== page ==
A Scottish animal welfare charity has admitted owning shares in a company that carried out animal testing.

The Scottish SPCA said it owns shares worth £600,000 in Shell, a company that was involved in laboratory experiments on 100,000 animals in 2015. However, the charity said a lot of its Shell shares were donated by supporters.

The issue was raised with the charity after journalists discovered references to Shell in its previous annual accounts.

The charity, which reportedly bought shares from Royal Dutch Shell in 2005, told BBC Scotland it had a responsibility to generate the 'best returns possible' but would review all of its investments at the end of February.

However, it declined to confirm what it intended to do with the Shell shares.

Conservative MSP Annie Wells has now called on the charity to sell the shares.

Shell was fined after leaking more than 200 tonnes of oil into the North Sea in 2011.

Scottish SPCA Chief Superintendent Mike Flynn said: "The Scottish SPCA has a number of business investments, managed by professional investment managers on our behalf, in line with many other charitable organisations across the UK.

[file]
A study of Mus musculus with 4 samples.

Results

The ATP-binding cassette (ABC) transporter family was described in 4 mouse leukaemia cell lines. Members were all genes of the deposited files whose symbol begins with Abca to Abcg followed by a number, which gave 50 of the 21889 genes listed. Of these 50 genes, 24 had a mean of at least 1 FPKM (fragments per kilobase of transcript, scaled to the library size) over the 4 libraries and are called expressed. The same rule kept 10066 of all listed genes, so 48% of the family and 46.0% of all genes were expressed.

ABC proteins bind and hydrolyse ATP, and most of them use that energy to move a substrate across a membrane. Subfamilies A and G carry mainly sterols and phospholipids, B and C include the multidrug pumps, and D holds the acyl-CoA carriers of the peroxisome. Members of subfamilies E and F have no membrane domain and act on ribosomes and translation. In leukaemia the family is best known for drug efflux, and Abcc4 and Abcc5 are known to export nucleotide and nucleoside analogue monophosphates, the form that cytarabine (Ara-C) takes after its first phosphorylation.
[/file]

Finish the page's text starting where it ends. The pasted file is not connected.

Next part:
"We can confirm that we have not purchased shares in Shell for over 12 years.

"Any investments purchased since 2005 have been in line with the Society's ethics and principles which are emphasised to our investment managers.

"The majority of the shares we currently hold in Shell were donated or left to us by supporters in their Wills in order for the Society to generate future income.

"It is our responsibility to generate the best returns available to help fund the Society's mission to rescue and rehome abused, abandoned and neglected animals in Scotland.

We will be reviewing our current investment portfolio, as per standard practice, in the next few weeks."